One of the most important factors in a student’s achievement is a quality teacher. Yet, in about half of all U.S. states, the average teacher does not earn the living wage needed to support a family.1 Inadequate compensation has predictable consequences for not attracting and retaining the skilled professionals so crucial to student outcomes—especially in high-poverty school districts. The Teacher Quality Division of Utopia’s Board of Education would like to propose a series of next steps for introducing a Pay-for-Performance plan.
Indicators for this plan may include improving professional skills, changing classroom behavior, and producing desired outcomes. By rewarding teachers who show individual professional growth and whose students show achievement gains, more high-quality teachers will be retained in the classroom, and the retention of these teachers will allow schools to be more effective and show greater gains.
To develop an equitable P4P plan, there first needs to be specific criteria that measure the total impact of a teacher in the classroom.
The first component is a teacher’s knowledge and skills they bring to the instructional process. For this component teachers will exhibit knowledge of content and pedagogy, skill in assessment and classroom management, and general abilities. The second component is the teacher’s classroom performance. This encompasses a teacher’s actual instructional behavior and is typically measured by observations done by an instructional coach or school leader. Throughout the academic year, teachers should receive feedback and assistance toward improving their classroom performance to maximize their ability to excel in this plan.
The final component is the instructional outcome. Instructional outcomes are typically assessed via a standardized test, and perhaps other measures like attendance and graduation rates depending on the state’s academic goals.
Each of these components presents important challenges and produces a distinct set of incentives for teachers that differ in their focus, strength, and effects. Utopia’s Board of Education will continue to research how other states have developed, measured, and implement their P4P plans. Several U.S. states have developed unique strategies on how they will implement their P4P plan. States like New York and Florida set funding aside to identify and compensate high-performing teachers. These states plan on rewarding teachers in high-need schools and subject areas. Both states will reward teachers based on a teacher evaluation system that incorporates (40-50%) of student growth as a component. States like California and Illinois will launch pilot programs in a limited number of districts to develop a model that can later be implemented by all local educational agencies (LEAs).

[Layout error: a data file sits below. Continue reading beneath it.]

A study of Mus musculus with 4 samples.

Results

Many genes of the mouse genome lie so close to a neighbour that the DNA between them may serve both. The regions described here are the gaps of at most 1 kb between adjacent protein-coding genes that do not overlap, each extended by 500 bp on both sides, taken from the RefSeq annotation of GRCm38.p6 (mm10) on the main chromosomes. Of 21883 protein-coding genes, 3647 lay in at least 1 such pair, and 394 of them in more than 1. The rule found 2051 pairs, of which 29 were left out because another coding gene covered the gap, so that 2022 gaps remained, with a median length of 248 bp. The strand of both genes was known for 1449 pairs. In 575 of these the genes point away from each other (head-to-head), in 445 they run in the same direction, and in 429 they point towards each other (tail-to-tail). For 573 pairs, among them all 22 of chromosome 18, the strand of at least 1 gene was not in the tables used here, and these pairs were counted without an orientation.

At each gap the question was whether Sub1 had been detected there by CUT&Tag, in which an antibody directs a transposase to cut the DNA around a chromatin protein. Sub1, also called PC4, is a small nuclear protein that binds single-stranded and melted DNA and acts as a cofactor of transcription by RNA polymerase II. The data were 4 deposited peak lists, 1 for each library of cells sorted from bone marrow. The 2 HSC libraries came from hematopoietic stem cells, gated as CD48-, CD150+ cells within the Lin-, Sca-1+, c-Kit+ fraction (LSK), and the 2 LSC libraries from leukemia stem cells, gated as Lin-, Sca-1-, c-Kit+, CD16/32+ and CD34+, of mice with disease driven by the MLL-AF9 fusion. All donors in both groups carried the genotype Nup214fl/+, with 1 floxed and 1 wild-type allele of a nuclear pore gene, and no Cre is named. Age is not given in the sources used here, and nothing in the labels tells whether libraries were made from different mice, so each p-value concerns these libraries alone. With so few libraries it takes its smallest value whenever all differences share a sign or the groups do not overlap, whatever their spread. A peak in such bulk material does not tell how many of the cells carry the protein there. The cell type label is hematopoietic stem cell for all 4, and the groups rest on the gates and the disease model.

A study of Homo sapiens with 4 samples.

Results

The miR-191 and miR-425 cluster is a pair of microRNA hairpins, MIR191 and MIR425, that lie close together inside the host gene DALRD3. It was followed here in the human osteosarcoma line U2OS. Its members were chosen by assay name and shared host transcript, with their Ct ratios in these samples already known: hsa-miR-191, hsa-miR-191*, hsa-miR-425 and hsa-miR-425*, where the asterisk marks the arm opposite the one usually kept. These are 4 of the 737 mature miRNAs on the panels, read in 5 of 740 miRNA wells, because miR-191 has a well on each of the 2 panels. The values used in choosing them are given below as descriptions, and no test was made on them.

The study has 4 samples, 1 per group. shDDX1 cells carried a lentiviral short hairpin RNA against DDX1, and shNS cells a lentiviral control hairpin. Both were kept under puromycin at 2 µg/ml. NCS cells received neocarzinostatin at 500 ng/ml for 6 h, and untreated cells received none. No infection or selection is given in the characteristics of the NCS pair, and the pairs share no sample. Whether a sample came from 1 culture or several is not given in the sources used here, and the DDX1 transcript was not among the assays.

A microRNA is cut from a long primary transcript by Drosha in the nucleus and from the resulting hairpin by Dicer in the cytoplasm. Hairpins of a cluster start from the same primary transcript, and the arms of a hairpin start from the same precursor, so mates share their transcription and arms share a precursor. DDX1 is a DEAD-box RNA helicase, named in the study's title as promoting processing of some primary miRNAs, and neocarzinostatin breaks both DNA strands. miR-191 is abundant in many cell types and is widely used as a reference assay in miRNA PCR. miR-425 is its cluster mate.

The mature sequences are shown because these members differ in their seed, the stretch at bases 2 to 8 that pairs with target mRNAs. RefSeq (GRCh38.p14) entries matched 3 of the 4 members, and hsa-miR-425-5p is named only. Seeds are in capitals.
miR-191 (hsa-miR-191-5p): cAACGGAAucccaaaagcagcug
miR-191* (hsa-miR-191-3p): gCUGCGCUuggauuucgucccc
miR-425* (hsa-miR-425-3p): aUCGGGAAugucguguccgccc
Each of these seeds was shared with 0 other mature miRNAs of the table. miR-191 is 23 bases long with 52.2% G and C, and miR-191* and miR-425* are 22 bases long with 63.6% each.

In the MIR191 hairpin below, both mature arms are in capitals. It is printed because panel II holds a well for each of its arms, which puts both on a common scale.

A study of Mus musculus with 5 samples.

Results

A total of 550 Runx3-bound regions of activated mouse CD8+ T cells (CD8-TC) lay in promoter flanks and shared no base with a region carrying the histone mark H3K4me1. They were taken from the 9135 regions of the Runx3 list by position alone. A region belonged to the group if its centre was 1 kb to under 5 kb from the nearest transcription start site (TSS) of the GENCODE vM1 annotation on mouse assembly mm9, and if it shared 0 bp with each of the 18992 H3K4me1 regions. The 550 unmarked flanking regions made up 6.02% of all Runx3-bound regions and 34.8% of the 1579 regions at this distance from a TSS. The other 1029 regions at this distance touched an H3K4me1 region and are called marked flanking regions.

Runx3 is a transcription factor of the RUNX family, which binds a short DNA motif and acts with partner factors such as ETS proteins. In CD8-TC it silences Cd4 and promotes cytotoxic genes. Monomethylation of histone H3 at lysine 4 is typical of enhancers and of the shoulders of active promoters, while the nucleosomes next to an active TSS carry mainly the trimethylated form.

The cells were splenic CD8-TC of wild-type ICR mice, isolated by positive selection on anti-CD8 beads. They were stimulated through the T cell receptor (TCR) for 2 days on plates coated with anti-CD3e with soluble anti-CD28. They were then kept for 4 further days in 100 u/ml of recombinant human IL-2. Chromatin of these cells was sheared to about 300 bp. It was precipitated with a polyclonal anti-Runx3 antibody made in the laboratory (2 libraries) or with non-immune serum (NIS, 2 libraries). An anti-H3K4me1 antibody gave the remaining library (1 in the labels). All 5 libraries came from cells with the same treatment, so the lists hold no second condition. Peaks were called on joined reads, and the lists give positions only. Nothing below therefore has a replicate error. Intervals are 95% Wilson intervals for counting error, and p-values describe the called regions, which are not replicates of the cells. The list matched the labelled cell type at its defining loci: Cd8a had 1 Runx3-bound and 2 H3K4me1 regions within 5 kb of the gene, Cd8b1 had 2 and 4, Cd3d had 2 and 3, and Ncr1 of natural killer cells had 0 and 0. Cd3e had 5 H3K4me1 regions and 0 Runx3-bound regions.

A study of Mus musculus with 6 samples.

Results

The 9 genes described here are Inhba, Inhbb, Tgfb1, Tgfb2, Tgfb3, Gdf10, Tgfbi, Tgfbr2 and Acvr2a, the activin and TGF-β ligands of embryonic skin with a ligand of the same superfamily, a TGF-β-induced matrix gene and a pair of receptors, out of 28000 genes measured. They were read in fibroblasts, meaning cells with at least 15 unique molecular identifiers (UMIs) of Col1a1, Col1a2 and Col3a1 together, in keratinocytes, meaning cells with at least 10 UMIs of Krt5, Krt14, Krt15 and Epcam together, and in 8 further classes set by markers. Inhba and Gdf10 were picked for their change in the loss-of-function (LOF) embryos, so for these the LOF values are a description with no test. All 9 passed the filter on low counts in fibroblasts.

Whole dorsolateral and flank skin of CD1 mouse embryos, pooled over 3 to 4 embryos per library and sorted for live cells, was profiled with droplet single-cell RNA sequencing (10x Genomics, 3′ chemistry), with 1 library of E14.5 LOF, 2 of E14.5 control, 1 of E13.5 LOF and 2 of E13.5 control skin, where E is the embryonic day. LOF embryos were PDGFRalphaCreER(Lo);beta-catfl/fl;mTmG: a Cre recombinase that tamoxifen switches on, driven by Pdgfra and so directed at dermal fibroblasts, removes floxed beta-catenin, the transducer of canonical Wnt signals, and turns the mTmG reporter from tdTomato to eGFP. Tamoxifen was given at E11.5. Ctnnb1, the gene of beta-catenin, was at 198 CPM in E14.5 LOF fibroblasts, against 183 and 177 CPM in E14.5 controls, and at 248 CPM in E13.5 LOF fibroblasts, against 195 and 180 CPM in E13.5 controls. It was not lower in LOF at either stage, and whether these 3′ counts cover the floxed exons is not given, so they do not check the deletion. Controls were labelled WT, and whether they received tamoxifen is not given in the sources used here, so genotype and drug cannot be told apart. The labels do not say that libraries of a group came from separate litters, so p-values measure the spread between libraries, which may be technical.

The development of a compensation reform plan is a collaborative effort that requires the support and contribution of a variety of stakeholders. Engaging stakeholders can address concerns and increase their buy-in. Excluding stakeholders can generate distrust and misunderstanding about the intent and purpose of the P4P plan. An essential partner in the development of a compensation reform plan is teachers. The involvement of teachers in the design process affirms the importance of their perspective and communicates a willingness to address their concerns. While this may affirm their perspective, teachers may also oppose this proposal because it is difficult to create a measure of student achievement that accurately reflects a teacher’s effect on each student. Next, the support of a district superintendent is critical because he/she will oversee the implementation and set the tone for how a plan is received.
The superintendent may propose this plan because it creates an accountability system that provides an impetus for schools and districts to align their resources with their core goals, and it helps schools and districts attract and retain highly effective teachers and administrators. Third, there will need to be buy-in of district staff. These individuals are fulfilling the day-to-day implementation of pay plans through activities such as measuring teacher performance, distributing financial awards, and communicating the plan to teachers. The schools of Utopia require a different approach to professional compensation – an approach that acknowledges teaching quality as the best guarantee of student achievement.
Although the design elements of a pay-for-performance plan play a vital role in its success, a variety of other factors play a role in the execution of this plan. Stable and adequate funding of the new program is an absolute necessity. Without it, the program likely will not get off the ground, or if it manages to do so, it will fade away. I would assess how other states funded their programs and see if the state of Utopia could replicate it. Also, I would contact the local school board to see if there are any grants available to start piloting this program. I would also continue to develop this memorandum by describing a strong measurement system. A performance pay plan is driven by a performance measurement system.
The system must provide reliable and accurate performance scores, as well as other information useful for guiding performance improvement. Using inaccurate or delayed performance data will undermine the plan’s fairness and threaten its survival. To address this issue, I would research the validity and results of other teacher evaluative programs to see if they are producing highly qualified teachers. Another factor I would assess in this memorandum is the states of human resource capacity. Human resource capacity helps dictate whether each school district can induct, mentor, or develop teachers for this plan. Like Illinois and California, I would see if the BOE has the capabilities to pilot this program in a specific region of the district.